The traditional view that technology is widening the divide between those who have access to information and those who do not is challenged by a report from the Social Exclusion Unit. Rather than widening inequality, the report shows how technology is already improving life chances and public service delivery, and is being embraced by excluded groups.Citing successful examples of mobile phones being used by homeless people to avoid the stigma of not having a permanent address by leaving a mobile number on job applications, and the ability to receive medical results by text without someone else answering the phone. The report also shows examples of how modern technology can improve public service take-up, reconnect the isolated and provide a lifeline for those groups on the margins.
The report highlights how excluded people already use technology extensively and it argues that there is an opportunity to build on this enthusiasm. The digital divide needs to be bridged and e-government public services should be delivered in such a way that excluded people will find them easy to use. The telephone can be as significant as a computer and services provided by a ‘phone are identical whether an individual is calling from a castle or a caravan.
Examples from successful ICT projects that reach the socially excluded include an Open Christmas Internet Café, a web based system which allows professionals from different agencies to record and share low level concerns about individuals and an education initiative for improving achievement which supports personalised learning, focusing on attendance, self organisation and learning skills.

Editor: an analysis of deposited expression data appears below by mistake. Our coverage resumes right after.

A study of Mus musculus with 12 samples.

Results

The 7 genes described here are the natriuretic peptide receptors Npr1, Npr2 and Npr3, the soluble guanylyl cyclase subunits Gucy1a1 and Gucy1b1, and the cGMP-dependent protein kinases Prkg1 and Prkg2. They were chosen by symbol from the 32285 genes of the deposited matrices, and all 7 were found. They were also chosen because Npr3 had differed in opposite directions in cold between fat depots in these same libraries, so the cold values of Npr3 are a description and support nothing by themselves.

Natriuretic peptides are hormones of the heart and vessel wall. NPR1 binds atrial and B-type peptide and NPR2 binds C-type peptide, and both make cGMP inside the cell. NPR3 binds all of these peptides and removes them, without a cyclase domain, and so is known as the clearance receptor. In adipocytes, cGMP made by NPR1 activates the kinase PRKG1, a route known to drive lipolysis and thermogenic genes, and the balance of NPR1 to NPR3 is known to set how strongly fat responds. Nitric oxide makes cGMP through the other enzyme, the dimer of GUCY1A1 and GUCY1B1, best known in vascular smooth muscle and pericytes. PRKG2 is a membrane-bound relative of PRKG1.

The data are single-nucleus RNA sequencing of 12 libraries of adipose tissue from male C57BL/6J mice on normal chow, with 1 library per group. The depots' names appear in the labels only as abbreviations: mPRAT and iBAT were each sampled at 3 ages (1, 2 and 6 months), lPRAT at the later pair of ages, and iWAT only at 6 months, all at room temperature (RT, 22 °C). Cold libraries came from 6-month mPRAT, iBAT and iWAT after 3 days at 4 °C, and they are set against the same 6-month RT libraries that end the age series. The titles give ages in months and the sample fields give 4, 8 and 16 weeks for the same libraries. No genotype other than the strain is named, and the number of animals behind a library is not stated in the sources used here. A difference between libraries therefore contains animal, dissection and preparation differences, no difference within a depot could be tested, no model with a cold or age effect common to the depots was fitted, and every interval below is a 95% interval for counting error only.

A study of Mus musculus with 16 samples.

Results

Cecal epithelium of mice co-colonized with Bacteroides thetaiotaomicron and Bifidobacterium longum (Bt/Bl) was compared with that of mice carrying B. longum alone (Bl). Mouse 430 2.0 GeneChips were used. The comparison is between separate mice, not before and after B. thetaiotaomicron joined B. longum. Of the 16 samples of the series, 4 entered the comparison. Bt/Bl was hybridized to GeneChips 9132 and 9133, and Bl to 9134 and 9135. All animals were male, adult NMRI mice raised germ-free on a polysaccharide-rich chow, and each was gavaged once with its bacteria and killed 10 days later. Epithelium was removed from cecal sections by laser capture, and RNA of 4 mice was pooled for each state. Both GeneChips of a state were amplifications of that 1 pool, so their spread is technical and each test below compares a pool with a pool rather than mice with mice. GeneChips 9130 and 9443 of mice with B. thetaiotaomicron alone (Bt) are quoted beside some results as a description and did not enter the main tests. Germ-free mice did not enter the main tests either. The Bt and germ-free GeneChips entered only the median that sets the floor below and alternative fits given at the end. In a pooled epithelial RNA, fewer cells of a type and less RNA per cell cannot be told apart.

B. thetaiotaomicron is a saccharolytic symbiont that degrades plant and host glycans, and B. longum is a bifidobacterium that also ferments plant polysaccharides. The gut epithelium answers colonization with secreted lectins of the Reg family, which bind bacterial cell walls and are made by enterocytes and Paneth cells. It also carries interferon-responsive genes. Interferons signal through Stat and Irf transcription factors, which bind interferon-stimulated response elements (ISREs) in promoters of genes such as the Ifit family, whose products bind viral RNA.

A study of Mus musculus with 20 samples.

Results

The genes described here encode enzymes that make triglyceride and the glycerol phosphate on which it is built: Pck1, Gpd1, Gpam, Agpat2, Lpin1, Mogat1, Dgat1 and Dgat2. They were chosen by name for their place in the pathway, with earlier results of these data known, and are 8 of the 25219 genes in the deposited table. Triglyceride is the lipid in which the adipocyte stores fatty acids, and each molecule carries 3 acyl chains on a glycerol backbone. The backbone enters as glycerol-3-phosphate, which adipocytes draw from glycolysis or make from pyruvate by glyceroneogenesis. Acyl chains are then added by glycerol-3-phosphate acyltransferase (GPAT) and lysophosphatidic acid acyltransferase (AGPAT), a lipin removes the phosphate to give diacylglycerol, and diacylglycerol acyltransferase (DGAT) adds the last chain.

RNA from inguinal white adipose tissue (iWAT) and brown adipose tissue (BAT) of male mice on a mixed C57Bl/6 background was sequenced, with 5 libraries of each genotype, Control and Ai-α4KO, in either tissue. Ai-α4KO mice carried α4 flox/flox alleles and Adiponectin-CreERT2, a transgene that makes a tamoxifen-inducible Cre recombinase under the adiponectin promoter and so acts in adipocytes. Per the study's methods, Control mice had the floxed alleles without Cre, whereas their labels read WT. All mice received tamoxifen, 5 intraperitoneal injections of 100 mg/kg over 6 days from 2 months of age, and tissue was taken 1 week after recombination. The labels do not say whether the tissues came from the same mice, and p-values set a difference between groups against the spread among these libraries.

Crisis, the homelessness Charity, are developing a ‘Virtual Life Portfolio’, a secure web based life management tool, which will provide homeless people with a means of owning, storing and managing key personal data as well as accessing vital information on service and support. There are also a range of Telecare service for the elderly which provide peace of mind for the users with devices such as fall detectors, flood sensors for over-flowing taps and reminders to take medicines and attend appointments.
Proposals in the report include setting out the action for Government to develop information sharing about excluded groups while building protocols and safeguarding privacy. There is also a call for expanding access to ICT facilities in hostels for the homeless and proposing that community centres in deprived areas be wired with broadband services. The report also recommends that local authorities should explore the potential of bundling in internet capabilities, such as e-mail and other local information feeds, when telecare systems are installed in an individual’s home.